This broad category of tobacco product includes any oral or nasal tobacco preparation that is used without burning it. The names for them are confusing. Below is a delightful, historical perspective on snuff, snus, and dip, provided by squeezyjohn, a member of the Fair Trade Tobacco Forum from Great Britain
The confusion is a historical one connected with the spread around the globe of different tobacco types, which took them through several languages as well!
WARNING: LONG ETYMOLOGICAL ESSAY FOLLOWS
Snuff is an old English term for anything powdered you took medicinally through the nostrils, related to the word sniff. It was one of the many techniques used to get old herbal remedies into the body, and we still use related words like snuffling or snuffly to describe the sound of a person with a cold (or an animal that sounds similar).
Around the year 1500, the first travelers to the new world of the Americas discovered tobacco being used by the native elders in a snuff format, via types of tubes, and brought the plant back with them to Spain and Portugal, where it was touted as a new medicine to be used as a powdered form taken into the nostrils.
In the 1560s a Frenchman called Jean Nicot was ambassador in Lisbon. He sent some tobacco back to Paris, where Queen Catherine had been suffering from chronic headaches, and advised her to use it to relieve the pain. It worked very well and became fashionable amongst the upper class and courtly circles throughout France and wider Europe. Jean Nicot’s name lives in history as the Latin name of the plant family Nicotiana…and by association, the chemical nicotine is also named after him.
Snuff gained its English name when it arrived in the English courts of the early 1600s, as this was already the name for a medicine taken nasally. Over time, the word snuff became almost exclusively associated with this form of tobacco. Meanwhile, this nasal tobacco spread to Sweden via the courts as well. The word Snus is of a similar Germanic origin to the English word snuff and is first documented in Swedish in 1637. At that time it was still referred to as nasal snuff. By the 1700s, nasal “snus” was very popular in Sweden, and tobacco farming had become a common thing throughout the country (unlike in England, which relied on its American colonies to provide tobacco).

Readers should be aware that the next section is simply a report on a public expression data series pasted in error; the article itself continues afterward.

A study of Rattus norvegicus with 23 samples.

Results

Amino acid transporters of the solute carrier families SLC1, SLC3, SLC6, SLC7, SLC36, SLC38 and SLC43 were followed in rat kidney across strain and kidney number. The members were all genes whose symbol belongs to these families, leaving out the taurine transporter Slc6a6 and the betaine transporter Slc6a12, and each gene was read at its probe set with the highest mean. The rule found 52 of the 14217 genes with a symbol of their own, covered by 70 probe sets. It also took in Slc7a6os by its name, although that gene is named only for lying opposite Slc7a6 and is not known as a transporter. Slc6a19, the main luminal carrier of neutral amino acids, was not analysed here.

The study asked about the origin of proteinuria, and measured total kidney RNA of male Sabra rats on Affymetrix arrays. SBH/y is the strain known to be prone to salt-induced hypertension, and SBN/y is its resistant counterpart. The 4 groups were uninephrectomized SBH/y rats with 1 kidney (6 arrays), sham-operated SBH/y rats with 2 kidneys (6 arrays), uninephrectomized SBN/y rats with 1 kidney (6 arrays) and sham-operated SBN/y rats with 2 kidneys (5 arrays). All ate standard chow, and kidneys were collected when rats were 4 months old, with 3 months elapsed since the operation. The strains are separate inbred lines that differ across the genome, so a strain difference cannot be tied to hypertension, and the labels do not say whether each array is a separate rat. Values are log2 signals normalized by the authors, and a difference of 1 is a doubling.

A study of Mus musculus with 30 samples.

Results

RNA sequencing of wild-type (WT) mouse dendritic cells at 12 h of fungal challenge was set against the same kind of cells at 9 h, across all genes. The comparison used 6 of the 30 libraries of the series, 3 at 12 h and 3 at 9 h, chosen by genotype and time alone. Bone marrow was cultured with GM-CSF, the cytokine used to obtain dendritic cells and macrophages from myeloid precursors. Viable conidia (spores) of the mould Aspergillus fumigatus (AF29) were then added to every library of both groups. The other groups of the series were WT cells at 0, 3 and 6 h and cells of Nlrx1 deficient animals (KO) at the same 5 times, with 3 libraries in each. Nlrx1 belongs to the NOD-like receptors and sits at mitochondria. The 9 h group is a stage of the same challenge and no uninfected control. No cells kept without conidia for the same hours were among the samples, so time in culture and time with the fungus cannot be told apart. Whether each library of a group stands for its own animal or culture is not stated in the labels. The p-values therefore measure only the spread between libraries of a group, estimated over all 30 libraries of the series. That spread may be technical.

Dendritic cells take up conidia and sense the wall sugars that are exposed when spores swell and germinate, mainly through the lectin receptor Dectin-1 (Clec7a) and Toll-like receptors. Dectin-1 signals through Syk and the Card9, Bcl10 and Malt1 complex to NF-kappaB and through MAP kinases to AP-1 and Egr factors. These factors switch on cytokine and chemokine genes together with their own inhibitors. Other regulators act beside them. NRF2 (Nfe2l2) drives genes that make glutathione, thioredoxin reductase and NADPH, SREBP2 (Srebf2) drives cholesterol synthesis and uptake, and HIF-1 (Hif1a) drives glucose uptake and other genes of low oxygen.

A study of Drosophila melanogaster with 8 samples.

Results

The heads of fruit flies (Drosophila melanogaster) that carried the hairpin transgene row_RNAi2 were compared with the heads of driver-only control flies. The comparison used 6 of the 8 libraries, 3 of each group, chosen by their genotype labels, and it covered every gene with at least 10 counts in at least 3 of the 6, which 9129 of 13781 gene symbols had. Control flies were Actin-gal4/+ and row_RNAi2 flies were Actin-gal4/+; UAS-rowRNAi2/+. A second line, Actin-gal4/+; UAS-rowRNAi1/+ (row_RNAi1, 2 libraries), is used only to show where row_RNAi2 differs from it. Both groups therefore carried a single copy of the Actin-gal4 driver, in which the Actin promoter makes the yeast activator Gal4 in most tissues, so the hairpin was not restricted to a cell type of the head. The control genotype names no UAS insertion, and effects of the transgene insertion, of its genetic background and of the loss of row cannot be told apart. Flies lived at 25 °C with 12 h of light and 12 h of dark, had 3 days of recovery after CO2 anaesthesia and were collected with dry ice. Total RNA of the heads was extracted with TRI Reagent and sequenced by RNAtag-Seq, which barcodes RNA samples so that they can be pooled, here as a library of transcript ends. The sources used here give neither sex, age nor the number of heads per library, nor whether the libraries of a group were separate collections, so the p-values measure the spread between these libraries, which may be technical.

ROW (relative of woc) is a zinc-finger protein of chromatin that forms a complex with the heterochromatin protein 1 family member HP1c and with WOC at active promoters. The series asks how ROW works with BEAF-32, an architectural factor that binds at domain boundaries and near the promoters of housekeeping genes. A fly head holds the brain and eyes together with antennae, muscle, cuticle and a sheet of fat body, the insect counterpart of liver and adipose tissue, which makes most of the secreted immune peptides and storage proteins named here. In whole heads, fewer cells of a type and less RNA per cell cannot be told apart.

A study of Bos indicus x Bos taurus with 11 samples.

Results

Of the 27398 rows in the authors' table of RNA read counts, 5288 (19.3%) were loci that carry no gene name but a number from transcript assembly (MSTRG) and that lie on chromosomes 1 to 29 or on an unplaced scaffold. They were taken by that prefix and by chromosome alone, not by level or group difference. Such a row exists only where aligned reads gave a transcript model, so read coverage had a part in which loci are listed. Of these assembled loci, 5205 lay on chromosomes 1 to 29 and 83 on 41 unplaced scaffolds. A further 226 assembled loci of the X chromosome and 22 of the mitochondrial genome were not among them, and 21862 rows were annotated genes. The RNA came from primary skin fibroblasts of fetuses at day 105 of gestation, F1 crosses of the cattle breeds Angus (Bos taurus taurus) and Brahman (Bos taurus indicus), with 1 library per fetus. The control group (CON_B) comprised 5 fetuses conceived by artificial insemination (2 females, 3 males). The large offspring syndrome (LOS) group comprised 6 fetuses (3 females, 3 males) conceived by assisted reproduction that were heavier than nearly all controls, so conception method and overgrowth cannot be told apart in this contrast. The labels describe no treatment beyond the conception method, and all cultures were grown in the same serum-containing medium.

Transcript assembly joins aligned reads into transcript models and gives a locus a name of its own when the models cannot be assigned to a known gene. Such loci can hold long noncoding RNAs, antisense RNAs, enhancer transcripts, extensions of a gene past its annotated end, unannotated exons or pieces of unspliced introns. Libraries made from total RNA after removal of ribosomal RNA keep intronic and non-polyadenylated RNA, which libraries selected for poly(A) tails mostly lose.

By the early 1800s, tobacco use had filtered down to all levels of Swedish Society, however, the farmers and workers had taken to using their ground-up tobacco by wetting it a little, and placing it in their upper lips, instead of using their noses. Presumably, this was an easier way to use the product while actively working. This method became the default way of using snus, while nasal snuff was rapidly going out of fashion amongst the upper classes. Certain brands and recipes were set up in this period, including Ljunglof’s Ettan (Ettan means number one in Swedish) which is still available today, made by Swedish Match. Many other brands followed including Generalsnus (regular snus) and RÖda Jacket (Red Seal).
In the late 1800s, more than a million Swedes crossed the Atlantic to set up new lives in the USA and brought their snus habit with them. Brands were set up to serve the demand, and some used old Swedish names like Copenhagen and Red Seal. Throughout the 1900s the styles of the recipe used in this oral tobacco diverged in its Swedish homeland and in the USA, so the products now are very distinct from each other. The word snus was still in common use as an alternative to dipping as late as the 1950s in some parts of the USA. Nowadays, “dip” or “snuff” is the normal word used in the states to describe American moist oral tobacco [even though dry, nasal snuff is still its own distinct product in the US]. But the term dip has yet another nasal-snuff-related origin from much earlier in history. During the British colonial period, the French-inspired upper-class snuff habit had also made the journey across the Atlantic. Whereas cigars became the favorite form of tobacco use amongst gentlemen, ladies took to dipping a moistened stick in nasal snuff and rubbing it into their gums, which was considered more discrete and ladylike than either snorting it or smoking cigars! Dipping became the term for this, and at some point in the 1900s, the term became confused with the recently imported Swedish form of using snus in the upper lip. The American preference for dipping in the lower lip also happened at some point in time near this.
So there you have it. Snuff, snus, dip. It’s all really the same thing, separated by cultural evolution over time, and several languages changes.